Abdul Wahid looked confused, which was an improvement over the frown.
“You are very strange,” he said. “Are you saying it is wrong, stupid, to try to live a life of faith?”
“No, I think it is admirable,” said the Major. “But I think a life of faith must start with remembering that humility is the first virtue before God.”
“Major Pettigrew’s Last Stand against what?” I kept asking myself as I read this novel. “His last stand against an incredibly arrogant son? His materialistic sister-in-law, Marjorie, and niece, Jemima? His longing for the pair of Churchill guns, which his father was given by the Maharajah? Or, his stand against the ignorance displayed in a small British town toward another culture?”
Quite possibly, it could be his stand against loneliness. Being alone. Or, settling for a convenient love with Grace, when he could strive to have it all with his heart’s desire, Jasmina Ali.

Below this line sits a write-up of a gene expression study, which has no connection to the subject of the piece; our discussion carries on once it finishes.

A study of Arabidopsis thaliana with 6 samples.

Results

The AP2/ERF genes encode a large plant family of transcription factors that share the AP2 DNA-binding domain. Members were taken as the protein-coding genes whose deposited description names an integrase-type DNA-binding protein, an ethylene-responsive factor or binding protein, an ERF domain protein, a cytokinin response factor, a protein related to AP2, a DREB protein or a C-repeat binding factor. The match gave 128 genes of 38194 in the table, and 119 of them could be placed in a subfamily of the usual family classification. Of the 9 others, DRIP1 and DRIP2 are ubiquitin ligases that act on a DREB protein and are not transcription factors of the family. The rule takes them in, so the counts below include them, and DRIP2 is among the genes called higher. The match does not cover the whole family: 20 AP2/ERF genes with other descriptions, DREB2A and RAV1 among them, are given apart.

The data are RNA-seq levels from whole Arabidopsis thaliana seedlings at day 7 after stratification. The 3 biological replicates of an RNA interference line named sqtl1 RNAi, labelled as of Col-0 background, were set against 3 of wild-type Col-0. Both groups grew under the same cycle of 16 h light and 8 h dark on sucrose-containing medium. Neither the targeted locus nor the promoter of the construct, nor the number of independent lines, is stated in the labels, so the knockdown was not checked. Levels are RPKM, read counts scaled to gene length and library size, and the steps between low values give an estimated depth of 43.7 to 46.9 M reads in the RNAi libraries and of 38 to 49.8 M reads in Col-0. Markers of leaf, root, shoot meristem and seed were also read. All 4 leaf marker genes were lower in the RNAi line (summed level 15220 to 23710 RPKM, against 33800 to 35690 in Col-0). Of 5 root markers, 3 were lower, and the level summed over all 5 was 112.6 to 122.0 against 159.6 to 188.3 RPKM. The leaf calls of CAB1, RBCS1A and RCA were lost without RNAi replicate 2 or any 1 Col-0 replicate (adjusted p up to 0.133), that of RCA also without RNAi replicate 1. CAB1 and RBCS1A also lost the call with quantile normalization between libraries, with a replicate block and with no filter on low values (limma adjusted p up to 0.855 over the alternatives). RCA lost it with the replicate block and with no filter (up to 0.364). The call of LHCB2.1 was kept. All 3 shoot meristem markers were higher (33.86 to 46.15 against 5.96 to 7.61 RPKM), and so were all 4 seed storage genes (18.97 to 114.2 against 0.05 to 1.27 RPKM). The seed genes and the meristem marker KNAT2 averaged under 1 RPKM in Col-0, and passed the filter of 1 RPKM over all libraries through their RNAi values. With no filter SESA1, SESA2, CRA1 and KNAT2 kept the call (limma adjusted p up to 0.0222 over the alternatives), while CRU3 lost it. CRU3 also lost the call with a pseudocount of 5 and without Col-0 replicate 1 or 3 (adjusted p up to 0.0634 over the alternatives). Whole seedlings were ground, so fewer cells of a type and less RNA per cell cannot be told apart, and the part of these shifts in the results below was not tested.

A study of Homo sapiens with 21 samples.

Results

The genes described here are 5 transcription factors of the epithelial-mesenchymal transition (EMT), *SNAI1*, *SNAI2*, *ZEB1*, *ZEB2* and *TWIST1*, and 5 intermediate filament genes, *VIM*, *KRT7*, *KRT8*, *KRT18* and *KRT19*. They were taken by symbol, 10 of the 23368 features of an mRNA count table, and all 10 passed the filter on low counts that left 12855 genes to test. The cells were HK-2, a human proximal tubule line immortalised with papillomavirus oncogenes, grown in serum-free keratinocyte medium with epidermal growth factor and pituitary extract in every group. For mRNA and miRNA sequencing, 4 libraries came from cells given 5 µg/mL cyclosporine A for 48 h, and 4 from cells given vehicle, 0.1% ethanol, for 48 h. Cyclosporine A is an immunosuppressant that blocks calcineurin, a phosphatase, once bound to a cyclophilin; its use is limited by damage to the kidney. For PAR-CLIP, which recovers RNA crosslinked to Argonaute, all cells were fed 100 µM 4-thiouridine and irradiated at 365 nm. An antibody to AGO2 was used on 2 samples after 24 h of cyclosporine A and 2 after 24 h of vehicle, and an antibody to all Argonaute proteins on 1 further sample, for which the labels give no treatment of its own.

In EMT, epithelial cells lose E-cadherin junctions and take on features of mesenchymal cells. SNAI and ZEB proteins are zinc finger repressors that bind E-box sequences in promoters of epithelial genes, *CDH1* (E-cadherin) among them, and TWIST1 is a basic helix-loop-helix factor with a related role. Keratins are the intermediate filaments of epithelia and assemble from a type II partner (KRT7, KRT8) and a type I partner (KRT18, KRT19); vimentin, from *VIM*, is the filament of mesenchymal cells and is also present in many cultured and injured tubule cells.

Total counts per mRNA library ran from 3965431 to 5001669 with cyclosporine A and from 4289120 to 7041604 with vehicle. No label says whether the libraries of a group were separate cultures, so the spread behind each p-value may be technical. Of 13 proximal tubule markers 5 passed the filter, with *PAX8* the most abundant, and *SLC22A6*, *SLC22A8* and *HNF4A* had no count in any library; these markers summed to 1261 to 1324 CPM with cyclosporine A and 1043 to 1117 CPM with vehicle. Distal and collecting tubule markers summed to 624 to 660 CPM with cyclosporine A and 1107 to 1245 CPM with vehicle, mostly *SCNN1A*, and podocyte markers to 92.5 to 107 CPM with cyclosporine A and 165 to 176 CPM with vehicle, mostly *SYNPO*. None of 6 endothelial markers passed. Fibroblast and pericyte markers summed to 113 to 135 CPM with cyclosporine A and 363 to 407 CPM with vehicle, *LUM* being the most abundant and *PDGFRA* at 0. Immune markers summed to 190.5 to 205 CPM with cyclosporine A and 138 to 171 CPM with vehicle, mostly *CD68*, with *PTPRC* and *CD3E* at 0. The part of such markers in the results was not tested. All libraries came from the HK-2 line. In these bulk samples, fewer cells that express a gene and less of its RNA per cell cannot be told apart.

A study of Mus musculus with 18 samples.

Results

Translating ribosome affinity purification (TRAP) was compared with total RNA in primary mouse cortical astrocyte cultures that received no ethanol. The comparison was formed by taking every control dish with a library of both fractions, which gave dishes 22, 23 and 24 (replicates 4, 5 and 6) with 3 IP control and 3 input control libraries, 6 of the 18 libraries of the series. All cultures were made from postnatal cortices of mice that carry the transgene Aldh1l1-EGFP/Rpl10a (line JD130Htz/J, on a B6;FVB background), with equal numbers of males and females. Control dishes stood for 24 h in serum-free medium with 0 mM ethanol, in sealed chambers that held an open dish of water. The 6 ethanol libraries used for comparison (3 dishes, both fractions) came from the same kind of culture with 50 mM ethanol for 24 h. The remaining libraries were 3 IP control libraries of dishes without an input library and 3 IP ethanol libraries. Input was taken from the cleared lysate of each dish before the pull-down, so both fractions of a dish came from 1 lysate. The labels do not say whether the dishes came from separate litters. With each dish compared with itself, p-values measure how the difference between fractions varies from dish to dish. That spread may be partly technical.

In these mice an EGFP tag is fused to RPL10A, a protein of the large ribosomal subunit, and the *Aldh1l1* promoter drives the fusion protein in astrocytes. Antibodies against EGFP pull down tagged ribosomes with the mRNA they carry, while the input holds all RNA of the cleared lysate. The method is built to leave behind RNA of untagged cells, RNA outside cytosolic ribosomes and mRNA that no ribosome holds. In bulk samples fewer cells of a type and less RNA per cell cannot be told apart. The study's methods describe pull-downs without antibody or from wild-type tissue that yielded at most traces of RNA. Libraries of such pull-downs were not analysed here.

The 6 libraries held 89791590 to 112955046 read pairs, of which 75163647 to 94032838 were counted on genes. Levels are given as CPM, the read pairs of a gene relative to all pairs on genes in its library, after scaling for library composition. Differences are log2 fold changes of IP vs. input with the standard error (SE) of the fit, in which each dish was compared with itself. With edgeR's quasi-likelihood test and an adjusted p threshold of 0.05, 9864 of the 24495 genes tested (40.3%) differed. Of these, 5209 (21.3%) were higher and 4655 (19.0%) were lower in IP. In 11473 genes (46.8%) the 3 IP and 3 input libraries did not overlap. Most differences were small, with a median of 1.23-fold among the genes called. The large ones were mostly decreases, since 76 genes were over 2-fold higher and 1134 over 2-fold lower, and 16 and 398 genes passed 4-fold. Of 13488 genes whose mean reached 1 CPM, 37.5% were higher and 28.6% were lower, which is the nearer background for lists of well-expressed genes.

Ultimately, I believe it to be his stand against pride. And this, perhaps, requires the greatest strength of all. When we ask for forgiveness, when we recognize our own faults, when we stand for what is good and right and true, this is our most important stand.
I loved Major Pettigrew. I loved his quiet observations on life. I loved the lessons that he learned, and the way he taught me as he went, reminding me that the importance of self isn’t so important after all.
“I longed for the day when I could look important to a lot of people who I felt were more important than I,” said the Major. “I was arrogant. It must be genetic.”